Serum free sulfhydryl status is associated with patient and graft survival in renal transplant recipients


Oxidative stress contributes significantly to graft failure, morbidity and mortality in renal transplant recipients (RTR). In cells, free sulfhydryl groups (reduced thiols, R-SH) are the transducers of redox-regulated events; their oxidation status is modulated by interaction with reactive oxygen and nitrogen oxide species and thought to be in equilibrium with the circulating pool. We hypothesized that high levels of serum free thiols are a reflection of a favorable redox status and therefore positively associated with cardiovascular risk parameters, patient and graft survival in RTR.

To test this, reactive free thiol groups (R-SH; corrected for total protein) were quantified in serum of 695 RTR (57% male, 53±13 yr, functioning graft ≥1 yr) using Ellman's Reagent, and R-SH determinants were evaluated with multivariable linear regression models. Associations between R-SH and mortality or graft failure were assessed using multivariable Cox regression analyses.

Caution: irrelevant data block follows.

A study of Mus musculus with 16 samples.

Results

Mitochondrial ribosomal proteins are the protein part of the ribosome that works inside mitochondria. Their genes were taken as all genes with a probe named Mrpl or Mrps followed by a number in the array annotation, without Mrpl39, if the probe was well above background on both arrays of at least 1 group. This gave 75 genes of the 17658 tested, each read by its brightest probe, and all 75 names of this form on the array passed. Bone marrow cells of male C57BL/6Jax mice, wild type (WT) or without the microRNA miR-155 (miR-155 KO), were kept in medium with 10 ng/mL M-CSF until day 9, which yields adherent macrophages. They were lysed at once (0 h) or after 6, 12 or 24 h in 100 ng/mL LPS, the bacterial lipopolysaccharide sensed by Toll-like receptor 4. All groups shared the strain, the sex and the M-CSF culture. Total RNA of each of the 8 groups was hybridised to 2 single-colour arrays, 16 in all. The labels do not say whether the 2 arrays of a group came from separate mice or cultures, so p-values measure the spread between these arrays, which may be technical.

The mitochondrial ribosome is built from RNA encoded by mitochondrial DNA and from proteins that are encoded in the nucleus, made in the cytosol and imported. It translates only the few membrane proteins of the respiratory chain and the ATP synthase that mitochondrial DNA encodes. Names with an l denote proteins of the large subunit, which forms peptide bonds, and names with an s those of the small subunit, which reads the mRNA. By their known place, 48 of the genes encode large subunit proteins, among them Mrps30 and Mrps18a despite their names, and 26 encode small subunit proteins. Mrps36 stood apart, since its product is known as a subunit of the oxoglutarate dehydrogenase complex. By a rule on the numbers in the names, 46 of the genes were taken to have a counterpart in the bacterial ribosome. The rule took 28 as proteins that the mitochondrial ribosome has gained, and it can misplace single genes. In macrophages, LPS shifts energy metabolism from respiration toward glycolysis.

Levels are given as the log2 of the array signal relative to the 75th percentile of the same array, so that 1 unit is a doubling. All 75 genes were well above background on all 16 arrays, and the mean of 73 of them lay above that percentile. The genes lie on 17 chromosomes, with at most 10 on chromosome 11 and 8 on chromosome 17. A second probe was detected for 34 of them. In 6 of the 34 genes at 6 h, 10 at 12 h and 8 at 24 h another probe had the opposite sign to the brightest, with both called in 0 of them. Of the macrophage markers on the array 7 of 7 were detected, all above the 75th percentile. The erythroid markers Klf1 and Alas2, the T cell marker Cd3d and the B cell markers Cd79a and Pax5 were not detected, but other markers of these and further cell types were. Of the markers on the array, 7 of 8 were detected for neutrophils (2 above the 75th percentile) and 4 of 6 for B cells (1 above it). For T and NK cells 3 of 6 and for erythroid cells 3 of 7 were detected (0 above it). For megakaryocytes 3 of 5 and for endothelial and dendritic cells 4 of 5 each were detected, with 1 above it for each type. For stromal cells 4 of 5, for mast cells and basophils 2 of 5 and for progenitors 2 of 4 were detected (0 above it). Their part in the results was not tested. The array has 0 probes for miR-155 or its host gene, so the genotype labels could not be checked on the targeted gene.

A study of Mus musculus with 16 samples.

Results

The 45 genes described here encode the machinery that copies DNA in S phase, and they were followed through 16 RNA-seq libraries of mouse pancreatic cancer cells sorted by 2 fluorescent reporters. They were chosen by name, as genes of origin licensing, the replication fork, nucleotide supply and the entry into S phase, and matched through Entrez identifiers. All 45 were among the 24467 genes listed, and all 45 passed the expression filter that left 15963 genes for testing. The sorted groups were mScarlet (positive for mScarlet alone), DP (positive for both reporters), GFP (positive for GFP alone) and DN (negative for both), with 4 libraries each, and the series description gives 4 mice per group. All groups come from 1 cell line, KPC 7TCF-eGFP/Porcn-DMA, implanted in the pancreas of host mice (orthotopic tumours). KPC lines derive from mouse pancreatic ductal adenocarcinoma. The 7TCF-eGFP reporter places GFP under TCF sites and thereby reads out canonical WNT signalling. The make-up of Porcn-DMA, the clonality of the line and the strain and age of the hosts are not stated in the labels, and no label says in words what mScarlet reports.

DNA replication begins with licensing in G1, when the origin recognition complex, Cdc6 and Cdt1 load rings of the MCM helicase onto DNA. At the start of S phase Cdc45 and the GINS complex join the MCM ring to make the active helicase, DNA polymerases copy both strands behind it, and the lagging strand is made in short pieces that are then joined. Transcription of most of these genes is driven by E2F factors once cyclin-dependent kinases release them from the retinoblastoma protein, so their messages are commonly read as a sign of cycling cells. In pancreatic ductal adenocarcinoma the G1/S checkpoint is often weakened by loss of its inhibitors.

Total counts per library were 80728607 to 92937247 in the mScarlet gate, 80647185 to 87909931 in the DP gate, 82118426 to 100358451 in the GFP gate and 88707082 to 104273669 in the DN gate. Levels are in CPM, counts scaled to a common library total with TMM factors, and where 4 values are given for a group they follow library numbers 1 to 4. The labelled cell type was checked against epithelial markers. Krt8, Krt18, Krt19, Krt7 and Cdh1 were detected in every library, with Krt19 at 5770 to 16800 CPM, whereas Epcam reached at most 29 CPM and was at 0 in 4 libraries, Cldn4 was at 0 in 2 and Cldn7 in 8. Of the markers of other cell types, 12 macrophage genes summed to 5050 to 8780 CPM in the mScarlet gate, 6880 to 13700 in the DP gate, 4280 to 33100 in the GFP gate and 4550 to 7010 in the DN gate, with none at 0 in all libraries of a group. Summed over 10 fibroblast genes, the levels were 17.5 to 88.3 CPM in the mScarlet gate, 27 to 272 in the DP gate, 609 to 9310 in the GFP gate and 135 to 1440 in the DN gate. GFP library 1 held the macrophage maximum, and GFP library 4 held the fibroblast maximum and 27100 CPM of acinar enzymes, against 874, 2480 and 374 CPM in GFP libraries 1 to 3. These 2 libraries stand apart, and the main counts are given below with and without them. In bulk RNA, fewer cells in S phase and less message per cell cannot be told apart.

In multivariable models, male gender, estimated glomerular filtration rate and serum thiosulfate positively associated with R-SH while BMI, HbA1c, corrected calcium and NT-pro-BNP inversely associated with R-SH (model R2=0.26). During follow-up (3.1 [2.7–3.9] yrs), 79 (11%) patients died and 45 (7%) patients developed graft failure. R-SH correlated inversely with all-cause mortality (HR 0.58 [95% CI 0.45–0.75] per SD increase) and graft failure (HR 0.42 [0.30–0.59]; both P<0.001), independent of parameters with which R-SH significantly associated in the multivariable regression analyses, except for NT-pro-BNP.

Serum R-SH are associated with a beneficial cardiovascular risk profile and better patient and graft survival in RTR, suggesting potential usefulness as low-cost, high-throughput screening tool for whole-body redox status in translational studies. Whether R-SH modification improves long-term outcome of RTR warrants further exploration.